Wednesday, October 11, 2006

Smoking, Pas Chic?

(Also published at Blogcritics e-zine)
In a ludicrous claim two days ago, a New York Times headline announced, "Smoking No Longer Tres Chic in France." At the very least it should've been a question. Contrary to the article's headlining claim, one can feel very un-dude here sans cigarette.

Really, the article is quite strange on several grounds. First, the NY Times itself published an article one year ago that argued just the opposite: cigarettes in France are as chic as ever, and even more chic among the well-educated and wealthy by comparison to their American counterparts. The article is also strange in that its title as a claim is weakly supported by the reporting that follows. Just because a government committee has voted to ban smoking due to health concerns does not in any way prove that the greater French culture thinks smoking has been demoted from chic to uncouth on its scale of values. Non-sequitr.

It's practically a cliche to say it: smoking is a way of life in France. Even for the young, as an article in the International Herald Tribune noted about two weeks ago discussing the subject. This recent AP photo (at right) captures the Parisian everyday.
Yet it is true that smoking has been in the French public eye lately. A recent poll even finds 65% of those surveyed support banning smoking in cafes and bars. But if you know anything about interpreting public opinion polls, it's hard to say what that means. First, banning smoking may not at all be the on the minds of those being polled (until asked). Polls tend to suggest that those being polled had all but called up the pollers and said, "I say ban it! Quantify me!" Second, people are in principle for a lot of things. That doesn't mean they will stop smoking. There's reason and there's desire. Nor does it mean that those against smoking will make a big deal out of it if people violate the law in their presence.

I'll never forget attending a university colloquium fourteen years ago when I was studying in France for a year. A law had just been passed banning smoking in some public areas, such as university buildings. One of the speakers on a panel pulled out a cigarette and lit up directly beneath a big sign reading "Defense de Fumer."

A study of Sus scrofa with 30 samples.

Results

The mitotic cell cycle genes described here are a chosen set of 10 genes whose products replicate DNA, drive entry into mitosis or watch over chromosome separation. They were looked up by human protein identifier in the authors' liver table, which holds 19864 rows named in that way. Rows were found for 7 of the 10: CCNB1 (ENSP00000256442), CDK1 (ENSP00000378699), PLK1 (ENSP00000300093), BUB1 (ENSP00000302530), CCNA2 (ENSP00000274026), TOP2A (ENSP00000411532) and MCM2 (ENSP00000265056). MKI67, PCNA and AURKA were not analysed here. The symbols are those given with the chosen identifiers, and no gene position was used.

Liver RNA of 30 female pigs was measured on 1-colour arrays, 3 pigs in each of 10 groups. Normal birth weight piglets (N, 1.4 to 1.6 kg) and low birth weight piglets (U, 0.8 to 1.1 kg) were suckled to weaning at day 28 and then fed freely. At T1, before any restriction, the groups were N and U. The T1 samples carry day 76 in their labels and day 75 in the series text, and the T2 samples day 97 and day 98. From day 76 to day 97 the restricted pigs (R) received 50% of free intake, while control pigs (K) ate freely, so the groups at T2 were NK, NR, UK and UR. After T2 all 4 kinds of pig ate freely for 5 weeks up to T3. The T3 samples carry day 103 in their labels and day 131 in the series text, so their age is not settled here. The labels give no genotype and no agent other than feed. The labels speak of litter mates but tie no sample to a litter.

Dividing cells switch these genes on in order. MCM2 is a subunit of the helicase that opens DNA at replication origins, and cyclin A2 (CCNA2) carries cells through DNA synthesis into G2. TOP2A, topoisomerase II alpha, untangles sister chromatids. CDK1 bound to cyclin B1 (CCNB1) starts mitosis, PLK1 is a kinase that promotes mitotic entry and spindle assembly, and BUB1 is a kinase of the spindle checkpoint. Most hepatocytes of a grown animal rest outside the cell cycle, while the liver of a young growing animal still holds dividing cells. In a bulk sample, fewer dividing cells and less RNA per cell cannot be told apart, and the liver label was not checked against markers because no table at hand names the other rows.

It is true, however, that a public discourse in France has been growing about the health risks of smoking. In 2003 a major European study drew public attention to the end of a long myth France had enjoyed, what had been called a paradox that the French ate rich foods, drank lots of wine, smoked like chimneys, engaged in very little vigorous exercise and yet enjoyed a greater collective health than most countries in the world. No longer: the study found that French men had the highest cancer rate in all of Europe.

'France's poor position in terms of male cancer deaths can be explained largely by the high levels of deaths from lung cancer, throat and mouth cancers and liver cancer,' the report said.
'We know that this type of cancer is closely linked to two risk factors: excessive alcohol consumption and smoking.'

In the past, France has been evaluated quite highly by the World Health Organization and other studies, but this has partly been because French women's health has for a long time been better than men's, the latter of whose ranks of smokers increased in the post-war period, while French women did not. But more recently the women also have started smoking more. Some studies and commentators point to the French female determination to control weight. Cigarettes have long been seen, in France and elsewhere, as a way to suppress appetite and keep that metabolism on the treadmill. However, due to the surge in French women smoking in recent years, the WHO estimates that France's overall health rankings will fall now that women have earned the right to die from smoking, alas on a level of parity with their silk-cravatted counterparts.

In response to these and other findings, in the fall of 2003 the French government raised the price of cigarettes by 20%. The number of cigarette sales took a dip, but purchases of pouch tobacco and rolling papers increased. But more recently, the number of young smokers has increased. And now the strict health and tight budget advocates have found common ground. That's right: it must be said that part of the reason the health risk of smoking is on the media and public agenda is because the government has been searching for ways to finance its huge shortfalls in its health budget. Tradition versus deficits.

Far be it from me to play the pessimist, but neither price increases nor bans on cigarette advertising have produced permanent decreases in French smoking(that's right: public tobacco advertising was completely banned in France in 1993). Even if a new law and a new attitude about enforcing it drive the smokers outdoors, what reason is there to believe that 20% of the population will part with tradition? From my perspective they're pretty determined to keep the costs of their excellent health care high.

1 comment:

le Meg said...

If not with cigarettes, how else are the french girls going to train their mouths to perform that perfect pout?

I think skinny jeans will drop out of fashion long before cigarettes do - smoking ban or no smoking ban.